A recent study has shown that systemic coaching enjoys greater popularity in Germany than in other Western societies. While systemic coaches seem to form the majority over here, systemic coaching virtually doesn’t exist in the United States, for example. The reason for this phenomenon eludes me, but it may have to do with an inherently German preference for clear structures – or maybe “systemic” sounds intriguingly close to “systematically”?
In any case, systemic coaching does indeed feature several benefits: from a systemic perspective the context of a given problem (which might be somewhat neglected in other approaches) is placed at the center of the investigation; this in and of itself is an interesting starting point. It is grounded on the assumption that human behavior in general is more explainable and understandable from the respective context it occurs in than from the individual’s personal history. This holds true in many coaching situations, which is why systemic thinking is a great help within the coaching process. This is especially the case when dealing with systemic problems, in other words problems that are not tied to individual players – if you replaced the individuals in question, quite similar problems would still occur. Based on this observation it is obvious that the respective system affects individuals and how they react. On the other hand it certainly holds true in many cases that replacing a manager actually leads to an improvement or even solution of the problem in question, indicating that it was the individual subject of the previous manager which had caused the problem, and not a specific systemic context.
In my experience, however, coaches with a purely systemic approach tend to disregard some key factors: firstly, that any individual is able to influence the system, and secondly, that any individual represents in and of themself a “system” or “sub-system,” a fact that requires further means of understanding than mere systemic approaches. In this light, every individual with their different modes of reaction represents a sub-system within a greater system (i.e. the team), and sometimes changes within any individual party – for example after they have understood something within the context of their personal history and were able to change longstanding behavioral patterns as a consequence – can affect the entire greater system along with its communication patterns.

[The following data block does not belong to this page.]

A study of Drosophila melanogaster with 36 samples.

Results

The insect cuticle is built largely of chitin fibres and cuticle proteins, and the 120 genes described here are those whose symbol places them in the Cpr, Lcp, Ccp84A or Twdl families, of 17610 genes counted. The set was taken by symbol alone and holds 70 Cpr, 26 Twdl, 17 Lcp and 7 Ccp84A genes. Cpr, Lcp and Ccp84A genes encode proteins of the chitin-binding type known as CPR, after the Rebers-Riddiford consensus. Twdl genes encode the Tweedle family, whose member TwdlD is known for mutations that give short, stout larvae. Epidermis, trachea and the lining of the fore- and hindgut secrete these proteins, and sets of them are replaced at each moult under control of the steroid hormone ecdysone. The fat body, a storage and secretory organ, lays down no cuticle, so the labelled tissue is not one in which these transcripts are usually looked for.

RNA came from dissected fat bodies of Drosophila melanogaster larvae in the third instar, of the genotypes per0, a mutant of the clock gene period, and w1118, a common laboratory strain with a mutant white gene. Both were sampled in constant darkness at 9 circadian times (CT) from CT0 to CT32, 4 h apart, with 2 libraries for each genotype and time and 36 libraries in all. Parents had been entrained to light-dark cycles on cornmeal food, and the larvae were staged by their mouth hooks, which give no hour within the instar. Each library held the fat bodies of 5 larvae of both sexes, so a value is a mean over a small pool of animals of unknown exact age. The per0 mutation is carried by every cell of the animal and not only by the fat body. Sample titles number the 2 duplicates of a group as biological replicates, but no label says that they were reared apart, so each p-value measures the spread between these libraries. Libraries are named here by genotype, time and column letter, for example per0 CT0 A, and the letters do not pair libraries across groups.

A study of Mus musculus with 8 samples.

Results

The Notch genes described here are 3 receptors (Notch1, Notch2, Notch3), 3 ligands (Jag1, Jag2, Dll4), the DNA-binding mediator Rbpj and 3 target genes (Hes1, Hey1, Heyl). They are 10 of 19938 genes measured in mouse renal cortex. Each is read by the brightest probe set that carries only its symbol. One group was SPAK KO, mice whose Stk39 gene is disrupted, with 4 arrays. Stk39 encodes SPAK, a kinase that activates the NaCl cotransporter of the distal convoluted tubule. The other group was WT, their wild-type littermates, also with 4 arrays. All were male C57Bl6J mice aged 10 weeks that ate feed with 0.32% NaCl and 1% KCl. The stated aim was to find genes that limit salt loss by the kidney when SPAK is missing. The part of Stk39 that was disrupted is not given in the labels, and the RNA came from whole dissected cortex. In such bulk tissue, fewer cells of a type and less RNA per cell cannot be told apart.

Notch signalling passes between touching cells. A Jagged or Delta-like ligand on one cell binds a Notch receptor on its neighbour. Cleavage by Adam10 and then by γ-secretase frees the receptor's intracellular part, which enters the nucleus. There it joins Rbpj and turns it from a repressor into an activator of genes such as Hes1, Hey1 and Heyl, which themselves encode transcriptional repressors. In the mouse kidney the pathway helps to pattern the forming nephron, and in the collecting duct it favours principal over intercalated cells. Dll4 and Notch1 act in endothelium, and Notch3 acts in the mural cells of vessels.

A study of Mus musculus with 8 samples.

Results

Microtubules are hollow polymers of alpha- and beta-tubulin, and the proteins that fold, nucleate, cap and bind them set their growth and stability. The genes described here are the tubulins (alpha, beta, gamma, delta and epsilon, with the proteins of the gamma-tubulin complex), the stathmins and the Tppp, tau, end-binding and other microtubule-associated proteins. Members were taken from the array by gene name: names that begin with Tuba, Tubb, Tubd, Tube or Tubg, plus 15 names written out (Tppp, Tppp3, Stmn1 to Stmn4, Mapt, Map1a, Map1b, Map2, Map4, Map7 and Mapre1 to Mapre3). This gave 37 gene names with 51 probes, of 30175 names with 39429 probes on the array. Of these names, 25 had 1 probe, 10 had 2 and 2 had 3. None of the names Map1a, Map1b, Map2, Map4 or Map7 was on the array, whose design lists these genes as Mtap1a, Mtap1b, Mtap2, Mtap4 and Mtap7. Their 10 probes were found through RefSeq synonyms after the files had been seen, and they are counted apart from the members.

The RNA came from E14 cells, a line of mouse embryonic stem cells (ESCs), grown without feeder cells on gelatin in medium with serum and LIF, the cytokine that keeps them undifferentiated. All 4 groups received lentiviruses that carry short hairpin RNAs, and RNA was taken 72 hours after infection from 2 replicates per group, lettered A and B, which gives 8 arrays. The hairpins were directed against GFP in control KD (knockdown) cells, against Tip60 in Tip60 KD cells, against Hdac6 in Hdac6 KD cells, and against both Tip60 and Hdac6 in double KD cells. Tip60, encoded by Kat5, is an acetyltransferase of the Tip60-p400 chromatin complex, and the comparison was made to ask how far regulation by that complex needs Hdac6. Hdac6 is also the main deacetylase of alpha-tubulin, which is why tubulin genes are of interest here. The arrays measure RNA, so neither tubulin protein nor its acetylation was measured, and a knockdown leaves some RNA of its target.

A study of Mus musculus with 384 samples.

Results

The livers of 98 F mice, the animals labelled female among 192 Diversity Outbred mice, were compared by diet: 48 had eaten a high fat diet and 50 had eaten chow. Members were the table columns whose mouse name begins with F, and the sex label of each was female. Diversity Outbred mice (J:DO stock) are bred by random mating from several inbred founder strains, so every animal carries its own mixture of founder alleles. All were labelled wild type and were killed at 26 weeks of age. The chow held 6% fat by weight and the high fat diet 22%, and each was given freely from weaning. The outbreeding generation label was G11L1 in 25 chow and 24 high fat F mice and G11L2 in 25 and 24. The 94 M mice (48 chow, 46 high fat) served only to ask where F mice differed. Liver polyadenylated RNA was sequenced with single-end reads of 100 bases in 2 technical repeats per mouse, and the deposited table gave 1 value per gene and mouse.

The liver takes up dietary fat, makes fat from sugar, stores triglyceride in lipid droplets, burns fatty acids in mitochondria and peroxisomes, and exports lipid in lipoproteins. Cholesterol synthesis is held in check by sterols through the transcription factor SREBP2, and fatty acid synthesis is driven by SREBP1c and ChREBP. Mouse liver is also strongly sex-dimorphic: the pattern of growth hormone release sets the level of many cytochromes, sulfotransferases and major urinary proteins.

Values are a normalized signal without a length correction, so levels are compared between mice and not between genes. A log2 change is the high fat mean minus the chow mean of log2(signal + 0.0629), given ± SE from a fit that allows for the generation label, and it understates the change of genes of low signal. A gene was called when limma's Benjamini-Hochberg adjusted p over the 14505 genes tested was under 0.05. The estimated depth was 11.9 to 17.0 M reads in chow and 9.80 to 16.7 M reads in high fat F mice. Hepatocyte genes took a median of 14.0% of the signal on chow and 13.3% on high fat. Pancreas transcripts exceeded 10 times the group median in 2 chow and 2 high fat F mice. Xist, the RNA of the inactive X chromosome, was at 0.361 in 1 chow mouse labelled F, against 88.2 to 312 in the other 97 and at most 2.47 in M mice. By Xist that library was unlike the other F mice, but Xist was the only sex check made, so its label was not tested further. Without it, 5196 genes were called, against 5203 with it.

Relationships are almost always characterized by mutual influence; there is a constant stream of reciprocal interactions. In my opinion, both the view that behavior is only determined by context, as well as that problems are always grounded within the individual are equally wrong. Based on the assumption that initiating change at one place within a given system will inherently provoke system-wide effects, it seems obvious that causing psychological changes within individual sub-systems will increase the likelihood that changes will occur throughout the system.
This can be easily observed in private systems such as families. I have experienced this, for example, when a mother called me to schedule a session with her son, who still regularly wet his bed at age eleven. After hearing her story in greater detail, I suggested that it might be better that we’d schedule a session for herself and not her son. My impression was that her son’s problems were closely connected to the pressure she put on him. She was open to this idea and through working with the Introvision method, it quickly became apparent how important it was for her to feel that she was needed. Ensuring that she was needed seemed almost to act as a psychological “survival program” for her. The effect of this was that she imposed herself on her child permanently. The son, under constant pressure, responded with the aforementioned continued bedwetting, as well as showing difficulties in school – in turn he constantly required her “assistance”.
It was enough to work through the imperative, “I must be needed,” to significantly release the pressure in the relationship between mother and son. After a second session with the mother the son ceased to wet his bed.
To sum up: while we have indeed worked individually through Introvision coaching, this has also effected a lot of movement within the entire family system. Furthermore the occurring individual changes also affected the husband as the relationship between the spouses changed. And even at her work place the client was suddenly able to show new ways of reacting, which also led to changes in this, yet another, local system.
This shows that it is quite useful for systemic coaches to know methods through which they can work exclusively with an individual – without circular questioning or similar methods. That way, potent stressors can be eliminated, thus setting in motion a number of changes within the greater system. It does not seem to be effective if a purely systemic approach is overused. Coaches should be able to think systemically, they should be able to estimate the impact of behavioral effects, and understand how systems work, but they may find themselves at end’s wit soon if a basic understanding of the subsystem signified by individual human beings is missing. At the end of the day a good coach must be able to help his clients tackle and overcome their inner, personal hurdles.